Attracting Hummingbirds to your yard.

 

 

 

Last summer, while traveling in Utah, I developed a new fascination for hummingbirds.  Don’t get me wrong, I always admired these unique birds.  What is not to admire?  They weigh just a tenth of an ounce, they can fly forward, backward, right side up or upside down.  I just never saw them in such quantities.  Everywhere I looked I saw hummingbirds.  I even got buzzed by one while hiking.    I soon realized that everywhere I went, hummingbird feeders were visible.  Whether traveling through a national park, stopping for lunch, or visiting family and friends - hummingbird feeders were everywhere.  Hmmm – maybe there is something to this feeder thing.  The beauty of the birds and the joy I felt while watching them, made me make a vow to myself that I will work very hard at attracting more hummingbirds to both my home and the nursery.   Once you have the hummingbirds coming to your yard, it is actually possible to hand feed them.  Check back soon for information on hand feeding Hummingbirds.  

 

 

 

When to put up a feeder? – VERY SOON!

 

 

 

After doing some research I learned what I had been doing wrong in years past.  I used to put my feeder up in the heat of the summer, when there was plenty of nectar from flowers around.   Sure a passerby may have stopped for a drink, but I didn’t have as many sightings as I would have liked.  Since most hummingbirds are migratory, feeders must be put up in time for their arrival.  In our area this is sometime in April.  You will want to get your feeder up 5-10 days before they arrive, so they will see your feeder and take a drink.  Hopefully they will stay the season in your backyard.  My feeders will be going up next week!

 

 

 

Must you put up a feeder? 

 

 

 

No – but your results will be greatly improved if you do.  The hummingbirds prefer natural nectar over what we give them in our feeders.  Providing a feeder now will offer the birds food when there is little natural nectar available.  Once the flowers start blooming, you will probably see less activity at the feeder.  However as the blooms start to diminish, they will head back to the feeders. 

 

 

 

Is one feeder enough?

 

 

 

In our area, the most common hummingbird is the Ruby-throated.  This bird is very territorial and will defend flowers and feeders within their favorite roost.  So if you want to attract more than one hummer, try putting up 2-3 feeders out of sight from each other.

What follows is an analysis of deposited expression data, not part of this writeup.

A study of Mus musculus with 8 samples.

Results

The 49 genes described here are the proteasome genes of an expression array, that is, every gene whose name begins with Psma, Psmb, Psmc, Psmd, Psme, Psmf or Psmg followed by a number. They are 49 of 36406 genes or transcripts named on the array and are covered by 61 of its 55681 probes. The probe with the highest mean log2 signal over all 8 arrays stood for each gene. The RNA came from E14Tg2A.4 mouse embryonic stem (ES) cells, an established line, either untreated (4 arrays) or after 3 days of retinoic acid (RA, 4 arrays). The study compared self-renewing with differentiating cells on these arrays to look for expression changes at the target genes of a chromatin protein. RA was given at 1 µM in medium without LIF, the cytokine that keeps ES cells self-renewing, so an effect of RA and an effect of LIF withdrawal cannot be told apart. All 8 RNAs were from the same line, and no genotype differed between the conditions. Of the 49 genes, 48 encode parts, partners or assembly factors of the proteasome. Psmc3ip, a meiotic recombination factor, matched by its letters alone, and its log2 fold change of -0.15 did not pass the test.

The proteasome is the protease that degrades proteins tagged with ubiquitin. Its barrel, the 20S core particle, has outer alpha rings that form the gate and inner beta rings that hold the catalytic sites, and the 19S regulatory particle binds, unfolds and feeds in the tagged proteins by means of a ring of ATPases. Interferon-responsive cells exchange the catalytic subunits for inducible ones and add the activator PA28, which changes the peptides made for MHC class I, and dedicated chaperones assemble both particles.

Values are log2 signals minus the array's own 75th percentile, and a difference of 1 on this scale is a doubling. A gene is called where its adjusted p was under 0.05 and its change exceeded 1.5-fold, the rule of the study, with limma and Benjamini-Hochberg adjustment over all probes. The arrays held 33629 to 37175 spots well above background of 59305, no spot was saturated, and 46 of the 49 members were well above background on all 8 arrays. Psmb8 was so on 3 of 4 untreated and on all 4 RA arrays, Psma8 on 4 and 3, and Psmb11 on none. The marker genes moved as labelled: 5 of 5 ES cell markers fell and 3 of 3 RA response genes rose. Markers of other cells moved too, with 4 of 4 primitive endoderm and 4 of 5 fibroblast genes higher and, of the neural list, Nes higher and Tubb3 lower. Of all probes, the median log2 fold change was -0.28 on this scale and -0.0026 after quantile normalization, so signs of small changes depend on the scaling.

Do I have to buy the Nectar?

 

 

 

Of course not!  The best recipe for making your own nectar is:  1 part sugar, 4 parts water.  Boil for 1 – 2 minutes.  Cool and store in refrigerator.  Never use honey or artificial sweeteners.  Honey ferments easily and can cause sores in a hummers mouth.  Do not use red food coloring in your solution.  This too can be harmful to hummers. 

 

 

 

How do I care for my feeder?

 

 

 

Feeders need to be cleaned and the nectar changed every 3-4 days, more often in hotter weather.  If you see black spots inside your feeder, this is mold and you will need to scrub it out with a good bottle brush.  Do not use harsh detergent to clean your feeder.  Rinse out each time you change your nectar with hot water.  Don’t fill the feeder more than half full, because they won’t be able to drink it all before it will need to be changed.

 

 

 

What should I plant to attract hummingbirds to my garden?

 

 

 

Hummingbirds are attracted to red, which is why red is found on all feeders.  They will however go to plants and flowers that are not red. 

 

 

 

Annuals and Perennials:

 

 

 

Cardinal Flower (Lobelia cardinalis), Lantana, Columbine (Aquilegia), Fuchsias, Impatiens, Coral-Bells (Heuchera), Hollyhocks, Penstemen, Petunia, Nicotania, Geranium,Begonia

 

 

 

Shrubs:

 

Azaleas, Butterfly bush, Flowering Quince, Honeysuckle, Weigela.

 

 

 

Trees and Vines

 

Tulip poplar, Locust, Honeysuckle, Morning Glory, Trumpet Vine.